By Keith Allen (KEACLA1@aol.com)
I have just finished reading Holloway Frost's "The Battle of Jutland," published in 1936 by the Naval Institute Press. For those who do not know him, Frost was an active-duty commander in the U.S. Navy who was a promin ent writer on historical and tactical subjects between the wars; among other things he wrote a book on shiphandling entitled "On A Destroyer's Bridge." He died suddenly of meningitis at age 45 just before finishing the Jutland book, and Edwin Falk (author of "Togo and the Rise of Japanese Sea Power") finished it for him.
Frost's book is well worth reading, despite some serious faults. I don't think it gets quite the attention it deserves, perhaps because it was written by an American and the historiography of Jutland is, not surprisingly, dominated by the British (with the important exception of Arthur Marder). It is still, I believe, the most comprehensive narrative of the battle. It is also a highly opinionated analysis of the action, and here its main weakness lies. As Marder rightly says, Frost has a tendency to be very wise after the event. For a seagoing officer, he often seems surprisingly oblivious to the fog of war, and is at times unforgiving of mistakes made in the confusion of battle; he does not always seem to recognize that it is one thing to fight an action on the game floor at Newport and another matter entirely to fight it in the North Sea.
Most of Frost's criticisms are directed against the British. Frost sees a fundamental weakening in the Nelsonian spirit of the Royal Navy. There are historians--British as well as American--who would agree with that assessment, while others (including Marder) would not. He is extremely critical of both Jellicoe and Beatty, as well as many of their subordinates, although he praises some British commanders highly (such as Evan-Thomas, Goodenough, and Stirling). His criticisms of the British commanders would have more credibility if he were not at times overly smitten with the Germans, especially Scheer; Frost is probably the only serious historian of the battle who actually believes Scheer's claim that in turning back to the east after the initial battle-line engagement, he was attempting to attack the Grand Fleet rather than to escape it (to be fair, though, he does severely criticize the death-ride order at the same time).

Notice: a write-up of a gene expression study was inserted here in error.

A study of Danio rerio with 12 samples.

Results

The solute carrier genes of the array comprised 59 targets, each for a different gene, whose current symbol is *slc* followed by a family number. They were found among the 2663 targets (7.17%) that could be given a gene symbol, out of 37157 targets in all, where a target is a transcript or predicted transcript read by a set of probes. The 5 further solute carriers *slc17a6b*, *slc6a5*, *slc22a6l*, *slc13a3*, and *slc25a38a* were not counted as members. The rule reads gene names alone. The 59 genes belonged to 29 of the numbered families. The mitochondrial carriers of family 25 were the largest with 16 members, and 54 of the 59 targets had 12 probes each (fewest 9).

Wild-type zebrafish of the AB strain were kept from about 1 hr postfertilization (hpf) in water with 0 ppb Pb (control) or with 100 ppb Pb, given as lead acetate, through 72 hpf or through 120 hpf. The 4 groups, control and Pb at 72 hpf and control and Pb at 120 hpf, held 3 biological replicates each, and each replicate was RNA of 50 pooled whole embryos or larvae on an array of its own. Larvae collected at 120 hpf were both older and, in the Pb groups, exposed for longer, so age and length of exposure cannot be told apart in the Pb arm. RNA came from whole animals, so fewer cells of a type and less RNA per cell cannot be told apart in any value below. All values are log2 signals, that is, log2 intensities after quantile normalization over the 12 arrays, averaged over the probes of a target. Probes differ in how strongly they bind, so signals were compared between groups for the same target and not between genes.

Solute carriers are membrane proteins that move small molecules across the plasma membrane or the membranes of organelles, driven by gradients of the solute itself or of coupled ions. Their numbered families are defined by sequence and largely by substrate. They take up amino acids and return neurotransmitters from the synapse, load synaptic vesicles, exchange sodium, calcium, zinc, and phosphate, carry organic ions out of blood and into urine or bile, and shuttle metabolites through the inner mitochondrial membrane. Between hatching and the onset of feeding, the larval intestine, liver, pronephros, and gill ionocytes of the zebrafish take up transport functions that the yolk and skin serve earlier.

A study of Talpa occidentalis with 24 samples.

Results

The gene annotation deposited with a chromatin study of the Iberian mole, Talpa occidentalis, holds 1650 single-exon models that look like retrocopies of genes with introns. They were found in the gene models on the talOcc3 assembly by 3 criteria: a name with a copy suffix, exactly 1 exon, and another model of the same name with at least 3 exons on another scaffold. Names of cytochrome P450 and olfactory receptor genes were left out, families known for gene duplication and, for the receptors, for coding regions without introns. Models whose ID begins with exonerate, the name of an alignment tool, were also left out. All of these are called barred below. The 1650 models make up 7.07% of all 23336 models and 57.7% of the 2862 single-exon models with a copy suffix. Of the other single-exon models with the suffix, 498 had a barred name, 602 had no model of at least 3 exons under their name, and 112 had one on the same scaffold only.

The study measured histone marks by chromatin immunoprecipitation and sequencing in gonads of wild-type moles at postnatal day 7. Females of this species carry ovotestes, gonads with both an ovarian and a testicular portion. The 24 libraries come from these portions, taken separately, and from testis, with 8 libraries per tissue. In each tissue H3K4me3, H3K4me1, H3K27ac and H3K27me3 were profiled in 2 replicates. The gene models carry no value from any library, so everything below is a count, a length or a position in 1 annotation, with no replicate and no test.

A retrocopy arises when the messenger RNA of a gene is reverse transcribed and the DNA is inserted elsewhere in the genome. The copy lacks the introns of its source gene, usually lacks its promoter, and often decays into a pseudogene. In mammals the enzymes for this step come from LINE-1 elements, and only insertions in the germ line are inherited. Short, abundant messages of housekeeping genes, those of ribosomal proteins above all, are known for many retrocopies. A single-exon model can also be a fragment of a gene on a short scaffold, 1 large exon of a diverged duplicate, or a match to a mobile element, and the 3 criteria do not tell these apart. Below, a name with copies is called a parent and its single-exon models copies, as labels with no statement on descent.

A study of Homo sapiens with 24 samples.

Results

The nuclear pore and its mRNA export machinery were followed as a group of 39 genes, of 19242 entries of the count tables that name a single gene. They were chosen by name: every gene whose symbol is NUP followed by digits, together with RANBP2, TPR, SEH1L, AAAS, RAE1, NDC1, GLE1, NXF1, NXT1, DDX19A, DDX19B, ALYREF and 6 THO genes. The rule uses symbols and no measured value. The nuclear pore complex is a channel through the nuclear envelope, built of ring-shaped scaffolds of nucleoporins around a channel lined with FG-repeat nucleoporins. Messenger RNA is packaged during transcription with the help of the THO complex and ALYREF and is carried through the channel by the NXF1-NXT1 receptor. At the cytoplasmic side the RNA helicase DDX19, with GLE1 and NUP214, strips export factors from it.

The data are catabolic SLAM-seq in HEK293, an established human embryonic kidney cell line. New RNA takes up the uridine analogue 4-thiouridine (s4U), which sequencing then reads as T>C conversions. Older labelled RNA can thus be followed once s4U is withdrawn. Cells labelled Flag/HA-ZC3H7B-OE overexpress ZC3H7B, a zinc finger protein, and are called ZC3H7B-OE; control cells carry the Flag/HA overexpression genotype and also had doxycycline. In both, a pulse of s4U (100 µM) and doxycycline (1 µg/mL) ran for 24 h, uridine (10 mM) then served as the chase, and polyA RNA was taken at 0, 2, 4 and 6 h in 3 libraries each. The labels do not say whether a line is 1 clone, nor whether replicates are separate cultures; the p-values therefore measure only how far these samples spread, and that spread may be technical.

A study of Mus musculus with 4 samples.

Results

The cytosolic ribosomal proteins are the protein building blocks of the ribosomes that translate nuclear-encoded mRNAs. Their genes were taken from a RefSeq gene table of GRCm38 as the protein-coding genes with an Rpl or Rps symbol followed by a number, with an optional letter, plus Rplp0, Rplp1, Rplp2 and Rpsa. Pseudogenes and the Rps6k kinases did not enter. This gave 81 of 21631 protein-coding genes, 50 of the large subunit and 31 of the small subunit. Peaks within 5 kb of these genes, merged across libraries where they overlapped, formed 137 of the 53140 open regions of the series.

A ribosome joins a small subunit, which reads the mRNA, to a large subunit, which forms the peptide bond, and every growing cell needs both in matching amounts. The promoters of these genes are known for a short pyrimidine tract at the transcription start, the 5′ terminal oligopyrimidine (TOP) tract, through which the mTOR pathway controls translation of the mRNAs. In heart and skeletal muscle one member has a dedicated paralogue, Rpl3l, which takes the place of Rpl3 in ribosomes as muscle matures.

With those caveats in mind, I still recommend the book. It is an extremely thorough account of the action, even if some of Frost's interpretations are suspect. Despite his treatment of British high command, Frost does not seem to have any visceral bias against the British; he is fulsome in his praise of the courage of the crews on both sides. One thing I particularly liked was his detailed treatment of the light forces, which can easily be regarded as an afterthought in the midst of dreadnoughts and battlecruisers; Frost was a destroyerman himself and gives the small ships the attention they deserve.
Frost is quite critical of the failure of the British destroyers--with the exception of the 12th Flotilla--to launch concerted torpedo attacks against the German battle line during the night. In making this point, probably quite valid in itself, he makes the more surprising contention that night destroyer attacks were a favorite tactic of the United States Navy, and says rather smugly that "if the 4th Flotilla had been American destroyers on the night of May 31, I am certain that there would have been disaster to either the Germans or ourselves, probably to both!" The results of the night actions in the Pacific in 1942-early 1943 do not suggest that the U.S. Navy was quite as proficient in this area as Frost believed. His comment, though, does suggest that the interwar USN might have paid more attention to night-fighting than we might think.
In discussing the night destroyer actions, Frost notes that close-range destroyer gunfire was surprisingly effective against the upperworks and bridges of battleships. This is an observation that would be borne out against HIEI off Guadalcanal.
H H Frost initially prepared the Office of Naval Intelligence evaluation of the Battle of Jutland, from which much data found their way into his later book. IMO, one item of great value contained in "The Battle of Jutland" was the North Sea map showing British and German minefields circa May 1916. Without this information, it is impossible to understand some of the grand tactical movements which were made by both sides during that period.